The Undeclared Major

I can’t decide how I feel about the undeclared major.  Every time a student says they’re undeclared, or a high schooler says they don’t know what to major in, some adult in the room immediately replies “Oh, that’s OK!” and proceeds to expound on all the people they know that went into college undeclared, that changed majors five times, and then went on to change their career several more times after they graduated.  And I know why these adults do this.  They want that young person to feel like they’re not weird, not failing in some way, so they immediately assuage all doubts about being undeclared.  And they are right that it is common and socially acceptable to be undeclared.  But I sometimes wonder if these adults aren’t doing more harm than good.  Because I don’t think young people want just to be told that it’s OK.  I think they want someone to help them figure it out.

I have no problem with people changing majors and careers.  As people learn more about their interests and strengths — and learn more about potential career options — they tend to shift their focus and ideas about what they want to do.  That’s fine!  I’m in the middle of doing that myself.  However, I do have a problem with adults who encourage aimless meandering through college and the early adult years.  It’s OK for students to not know yet what they want to do with their lives, but I don’t think it’s OK for them to become complacent about it.

I’m well aware of the fine line, because I don’t want students to feel pressured to pick a major that isn’t right, just for the sake of picking something.  I don’t like it when parents push their kids to be doctors and lawyers even if it isn’t the right fit, so I certainly wouldn’t want students doing that to themselves.  But it seems to me that in order to avoid putting undue pressure on students, some teachers and parents are going to the opposite extreme of being no help at all.  I don’t think that’s the answer, because overly-reassuring students that an undeclared major is acceptable can unintentionally give them permission to become stagnant in their career search.  The problem is that no one tells those students that changing majors often means it’ll take more than four years to graduate college and some of them still won’t know “what they want to be when they grow up” when they do finally graduate.  I know too many people now in their late twenties that were surprised by the consequences of not taking the career search seriously when they were in college.  I don’t want that for my students.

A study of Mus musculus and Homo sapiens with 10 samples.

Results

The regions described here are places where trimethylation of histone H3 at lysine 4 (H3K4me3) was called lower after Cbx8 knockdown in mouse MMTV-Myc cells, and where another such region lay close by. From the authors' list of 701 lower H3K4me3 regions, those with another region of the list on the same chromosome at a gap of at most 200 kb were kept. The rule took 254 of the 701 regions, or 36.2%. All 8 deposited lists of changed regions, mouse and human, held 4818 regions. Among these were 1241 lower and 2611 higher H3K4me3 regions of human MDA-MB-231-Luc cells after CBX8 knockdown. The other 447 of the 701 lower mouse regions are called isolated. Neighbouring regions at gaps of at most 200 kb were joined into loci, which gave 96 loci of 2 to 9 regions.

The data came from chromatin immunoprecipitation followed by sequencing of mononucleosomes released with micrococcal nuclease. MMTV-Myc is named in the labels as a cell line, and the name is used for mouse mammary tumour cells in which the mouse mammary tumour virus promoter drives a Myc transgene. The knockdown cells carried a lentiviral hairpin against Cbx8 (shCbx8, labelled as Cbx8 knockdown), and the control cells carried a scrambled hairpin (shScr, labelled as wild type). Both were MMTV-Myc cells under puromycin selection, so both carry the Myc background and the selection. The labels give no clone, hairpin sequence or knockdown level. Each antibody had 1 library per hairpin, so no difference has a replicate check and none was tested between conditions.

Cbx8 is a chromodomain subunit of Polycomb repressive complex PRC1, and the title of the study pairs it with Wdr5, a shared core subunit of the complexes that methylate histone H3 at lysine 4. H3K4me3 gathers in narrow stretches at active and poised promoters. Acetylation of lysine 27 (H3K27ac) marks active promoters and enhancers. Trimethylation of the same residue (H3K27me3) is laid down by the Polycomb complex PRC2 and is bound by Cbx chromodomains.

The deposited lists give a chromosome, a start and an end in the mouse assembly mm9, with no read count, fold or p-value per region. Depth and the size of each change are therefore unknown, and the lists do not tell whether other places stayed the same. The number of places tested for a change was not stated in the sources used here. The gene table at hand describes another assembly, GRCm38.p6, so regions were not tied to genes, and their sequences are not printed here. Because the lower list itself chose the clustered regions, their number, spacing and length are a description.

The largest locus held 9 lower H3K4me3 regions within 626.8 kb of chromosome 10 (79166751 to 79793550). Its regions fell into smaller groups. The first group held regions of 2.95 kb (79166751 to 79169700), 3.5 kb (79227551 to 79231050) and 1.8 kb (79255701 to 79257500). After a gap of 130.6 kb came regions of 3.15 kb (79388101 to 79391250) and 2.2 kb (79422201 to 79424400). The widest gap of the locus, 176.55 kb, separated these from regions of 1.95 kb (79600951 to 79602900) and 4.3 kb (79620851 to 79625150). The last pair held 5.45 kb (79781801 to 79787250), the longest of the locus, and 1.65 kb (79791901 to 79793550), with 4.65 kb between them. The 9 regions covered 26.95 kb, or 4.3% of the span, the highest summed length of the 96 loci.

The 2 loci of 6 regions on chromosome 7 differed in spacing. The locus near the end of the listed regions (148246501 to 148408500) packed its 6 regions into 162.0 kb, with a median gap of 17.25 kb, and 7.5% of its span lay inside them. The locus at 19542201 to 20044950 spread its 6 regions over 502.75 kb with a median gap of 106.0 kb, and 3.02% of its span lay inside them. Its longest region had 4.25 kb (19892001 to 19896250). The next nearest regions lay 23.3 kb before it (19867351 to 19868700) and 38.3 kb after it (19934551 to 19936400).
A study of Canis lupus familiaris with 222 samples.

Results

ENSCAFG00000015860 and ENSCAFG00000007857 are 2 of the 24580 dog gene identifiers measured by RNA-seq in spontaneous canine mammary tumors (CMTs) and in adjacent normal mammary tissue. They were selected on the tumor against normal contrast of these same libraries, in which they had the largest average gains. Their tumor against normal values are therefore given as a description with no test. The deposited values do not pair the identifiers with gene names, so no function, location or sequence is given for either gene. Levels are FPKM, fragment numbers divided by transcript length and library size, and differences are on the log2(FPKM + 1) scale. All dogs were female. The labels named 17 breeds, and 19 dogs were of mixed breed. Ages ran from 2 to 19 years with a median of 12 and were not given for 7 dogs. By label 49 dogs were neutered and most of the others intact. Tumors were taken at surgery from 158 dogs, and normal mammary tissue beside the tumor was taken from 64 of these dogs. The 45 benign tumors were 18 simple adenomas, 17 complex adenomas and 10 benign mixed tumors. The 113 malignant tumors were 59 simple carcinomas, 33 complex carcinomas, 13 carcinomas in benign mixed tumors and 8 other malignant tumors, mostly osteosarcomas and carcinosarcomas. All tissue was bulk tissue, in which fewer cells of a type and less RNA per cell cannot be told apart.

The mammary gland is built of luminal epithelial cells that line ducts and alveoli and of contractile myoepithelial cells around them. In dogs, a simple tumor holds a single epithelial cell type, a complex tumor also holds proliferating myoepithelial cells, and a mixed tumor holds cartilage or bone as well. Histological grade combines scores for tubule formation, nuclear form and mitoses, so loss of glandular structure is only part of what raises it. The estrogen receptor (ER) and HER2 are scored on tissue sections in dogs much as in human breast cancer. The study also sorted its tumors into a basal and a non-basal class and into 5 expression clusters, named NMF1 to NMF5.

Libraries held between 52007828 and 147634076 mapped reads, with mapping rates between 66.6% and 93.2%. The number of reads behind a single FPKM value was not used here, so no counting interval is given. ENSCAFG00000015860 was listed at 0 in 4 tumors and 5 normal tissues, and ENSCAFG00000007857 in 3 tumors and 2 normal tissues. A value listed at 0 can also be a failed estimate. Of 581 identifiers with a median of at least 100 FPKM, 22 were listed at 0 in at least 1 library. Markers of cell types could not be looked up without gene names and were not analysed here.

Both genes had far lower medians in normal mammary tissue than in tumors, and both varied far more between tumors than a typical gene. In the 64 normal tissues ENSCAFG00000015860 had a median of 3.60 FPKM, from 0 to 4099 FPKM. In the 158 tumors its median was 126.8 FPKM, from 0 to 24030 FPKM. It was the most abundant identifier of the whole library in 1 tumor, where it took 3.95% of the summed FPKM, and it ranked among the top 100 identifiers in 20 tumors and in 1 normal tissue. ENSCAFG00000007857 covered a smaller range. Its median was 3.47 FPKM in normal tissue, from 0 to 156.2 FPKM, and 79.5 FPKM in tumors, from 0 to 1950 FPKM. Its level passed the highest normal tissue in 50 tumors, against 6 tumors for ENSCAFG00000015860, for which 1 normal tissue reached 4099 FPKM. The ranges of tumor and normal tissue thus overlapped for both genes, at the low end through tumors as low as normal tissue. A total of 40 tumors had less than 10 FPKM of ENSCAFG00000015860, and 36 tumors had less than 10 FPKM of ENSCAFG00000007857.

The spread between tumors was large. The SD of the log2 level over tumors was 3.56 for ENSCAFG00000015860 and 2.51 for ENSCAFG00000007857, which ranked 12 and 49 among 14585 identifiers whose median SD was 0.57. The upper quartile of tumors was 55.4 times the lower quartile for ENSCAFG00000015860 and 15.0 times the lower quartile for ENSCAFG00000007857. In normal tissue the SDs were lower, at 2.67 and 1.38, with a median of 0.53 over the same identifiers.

So no, it isn’t bad to be an undeclared major – but it is bad to be content with an undeclared major.  Yes, students should explore the options – but “explore” is an active verb, not passive.  It’s a search, not a sitting-back-and-waiting-for-the-right-career-to-come-along.  It’s about finding the right fit, having the guts to commit to a career choice, and then pursuing that career, preferably sooner rather than later so as to launch into the adult world.

I think high schools are partly to blame for the difficulties teens and young adults have in choosing a major and a career.  High schools tend to place students in a “subject” mindset.  Do you like science?  English?  Math?  What is your favorite subject?  But unfortunately, careers aren’t subjects.  Oh, different careers focus on different subjects.  Doctors have to be interested in anatomy.  Web developers have to be interested in computer science.  I am an English teacher, so my subject is English, and I have to know a lot about it and be interested in it in order to teach it.  But “English” isn’t what I do on a daily basis.  I teach.  That’s what I do.  I manage a classroom of adolescents and help them become adults (or at least I did until I became so nomadic – but that’s beside the point).  And yes, college majors also have subjects – you can major in English, math, and science – but the end goal shouldn’t just be a subject; it should also be a skill set.  And it seems that young people are left on their own to make that mental shift in how they view their studies.

So when students tell me that they’re undeclared, I won’t judge them or put pressure on them, but I do want to help them – though I will freely admit that I don’t always know how.  I know my last few blog posts have been a bit random.  We were moving again, so it was hard to follow a consistent topic.  I hope to get a bit more focused soon, though, and I want to research more about methods for career explorations, both for teens and adults.  So if you have any ideas for me to study, I’d love to hear them!